Music Features

Obsessions and Lamentations #5 - Big Chill Edition

1)   What Hath The Big Chill Wrought?

I guess because it’s the 25th anniversary of the film’s release, the Today show had part of the cast of The Big Chill on for some fond reminiscences. Fine. I relish any opportunity I get to watch Jeff Goldblum riff. I even thought the movie was pretty good. At least I did back in 1983, before its insidious influence had fully infected the cultural bloodstream. But it’s worth reflecting that the phenomenon that surrounded the film led directly to such semi-popular travesties as “St. Elmo’s Fire” and “I Love the 80s”, which are two symptoms of the same disease. On the one hand, we started with a well-written ensemble film starring a troupe of gifted actors, and quickly degenerated into showpieces for handsome, marginally talented celebrities that the “Ocean” films have done little to atone for. Even worse, the “10 wacky people in a house” routine has been picked up and beaten to death by reality tv. On the other hand, The Big Chill almost singlehandedly made nostalgia a permanent industry, turning our attention ever backwards, pummeling living art in the process. Maybe it’s a coincidence, but can you name any enduring artistic advance or lasting achievement made in the wake of the film’s release to the present day? I’m talking about seismic events that change or shape the way people think. Don’t worry, you can get back to me. 
Actually, Lawrence Kasdan can’t be blamed, because he was just reflecting what he saw when he looked around. The society with not much to look forward to inevitably looks back to the halcyon days, when paradigm shifts and thought revolutions were commonplace. And since his breakthrough film debuted, we’ve been stuck in a collective rut; what Chuck Klosterman called the “profound nostalgia for the recent past”. I don’t care if it’s “I Love 1985” or “I Love 2008” (which is probably being produced as I write), it’s all the same meaningless junk. 
In music, 1983 was also the year that, with the explosion of Thriller, marked the death blow for any kind of challenging statement trying to break through to the mainstream. Bubblegum and corn has always had a place in popular music, but after Michael Jackson it triumphed. Now the charts are filled with cold, safe, bloodless product. Ironic, because Thriller at its core was anything but bloodless and cold, but the sound was a huge step in that direction, picking up where disco left off. Now, the once tortured emotion of R&B is buried under a torrent of melisma, and mainstream rock isn’t worth dignifying with a snark. Those boomers in The Big Chill were connecting with those hits, HITS!, from the sixties because at that time the record companies had yet to figure out how to remove the emotion from musical performance and replace it with a reasonable facsimile. Is there anything on the charts today that can compare with the sorrow of Tracks Of My Tears, the devotion of My Girl, the desperation of I Heard it Through the Grapevine, or the joy of A Natural Woman? Why do you think people put Kurt Cobain on such a pedestal? Because it was probably the last time anything real actually made it onto the Billboard 100.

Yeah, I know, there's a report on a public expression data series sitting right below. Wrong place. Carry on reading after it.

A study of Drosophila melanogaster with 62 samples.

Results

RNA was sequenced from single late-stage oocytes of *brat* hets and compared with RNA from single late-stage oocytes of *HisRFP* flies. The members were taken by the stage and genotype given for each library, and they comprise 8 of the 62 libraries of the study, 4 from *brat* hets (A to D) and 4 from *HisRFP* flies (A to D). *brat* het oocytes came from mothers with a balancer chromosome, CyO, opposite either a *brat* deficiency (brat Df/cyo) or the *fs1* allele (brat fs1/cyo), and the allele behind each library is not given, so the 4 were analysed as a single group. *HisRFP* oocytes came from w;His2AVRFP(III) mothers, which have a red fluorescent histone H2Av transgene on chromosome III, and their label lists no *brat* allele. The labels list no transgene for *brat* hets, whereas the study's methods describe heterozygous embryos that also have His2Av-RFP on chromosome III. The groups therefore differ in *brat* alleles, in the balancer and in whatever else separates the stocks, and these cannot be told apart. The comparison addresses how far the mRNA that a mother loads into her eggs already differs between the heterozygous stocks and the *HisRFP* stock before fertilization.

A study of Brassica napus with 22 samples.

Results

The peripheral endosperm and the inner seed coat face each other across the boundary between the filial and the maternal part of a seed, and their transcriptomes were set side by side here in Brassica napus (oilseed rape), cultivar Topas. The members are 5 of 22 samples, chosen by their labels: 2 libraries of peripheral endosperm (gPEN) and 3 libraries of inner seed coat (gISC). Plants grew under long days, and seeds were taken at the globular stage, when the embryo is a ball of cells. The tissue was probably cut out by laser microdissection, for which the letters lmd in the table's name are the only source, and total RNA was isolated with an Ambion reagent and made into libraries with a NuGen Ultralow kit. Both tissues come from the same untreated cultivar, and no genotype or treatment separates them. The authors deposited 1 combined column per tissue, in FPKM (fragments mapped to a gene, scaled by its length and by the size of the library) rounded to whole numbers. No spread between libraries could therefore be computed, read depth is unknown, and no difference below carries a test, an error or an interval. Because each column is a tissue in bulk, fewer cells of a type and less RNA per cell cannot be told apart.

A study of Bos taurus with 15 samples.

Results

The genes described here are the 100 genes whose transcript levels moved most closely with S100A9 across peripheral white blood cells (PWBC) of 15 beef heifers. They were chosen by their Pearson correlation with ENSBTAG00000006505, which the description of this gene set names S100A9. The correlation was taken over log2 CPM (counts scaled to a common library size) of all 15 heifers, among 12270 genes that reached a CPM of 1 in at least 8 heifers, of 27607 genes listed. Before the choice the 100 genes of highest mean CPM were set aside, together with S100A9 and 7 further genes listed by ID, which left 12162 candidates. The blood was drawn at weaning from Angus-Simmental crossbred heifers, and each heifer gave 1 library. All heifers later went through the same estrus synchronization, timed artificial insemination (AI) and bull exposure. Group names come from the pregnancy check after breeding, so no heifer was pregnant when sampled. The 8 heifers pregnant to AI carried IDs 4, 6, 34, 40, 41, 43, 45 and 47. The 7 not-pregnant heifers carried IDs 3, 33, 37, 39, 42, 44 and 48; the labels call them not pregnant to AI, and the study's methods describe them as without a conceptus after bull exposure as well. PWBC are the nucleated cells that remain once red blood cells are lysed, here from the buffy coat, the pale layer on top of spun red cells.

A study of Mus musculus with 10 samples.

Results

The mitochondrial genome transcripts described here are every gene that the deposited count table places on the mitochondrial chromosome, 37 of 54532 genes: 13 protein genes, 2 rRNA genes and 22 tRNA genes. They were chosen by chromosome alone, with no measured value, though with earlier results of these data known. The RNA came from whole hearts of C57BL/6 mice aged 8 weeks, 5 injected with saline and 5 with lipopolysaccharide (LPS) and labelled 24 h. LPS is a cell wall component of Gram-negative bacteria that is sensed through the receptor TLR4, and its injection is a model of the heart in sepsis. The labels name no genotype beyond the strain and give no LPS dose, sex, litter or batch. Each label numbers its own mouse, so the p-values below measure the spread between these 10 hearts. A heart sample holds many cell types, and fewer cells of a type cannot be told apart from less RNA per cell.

The Big Chill gets a bad rap today mainly because it was such a high profile showcase for the narcissism of the Baby Boomer Generation, and rightly so. But it was also about something real, something that’s missing now, something that people hunger for and will only find with the most robust search engine available. Unfortunately, it said goodbye to what it loved just as it helped usher in all that it bemoaned. A dubious legacy indeed.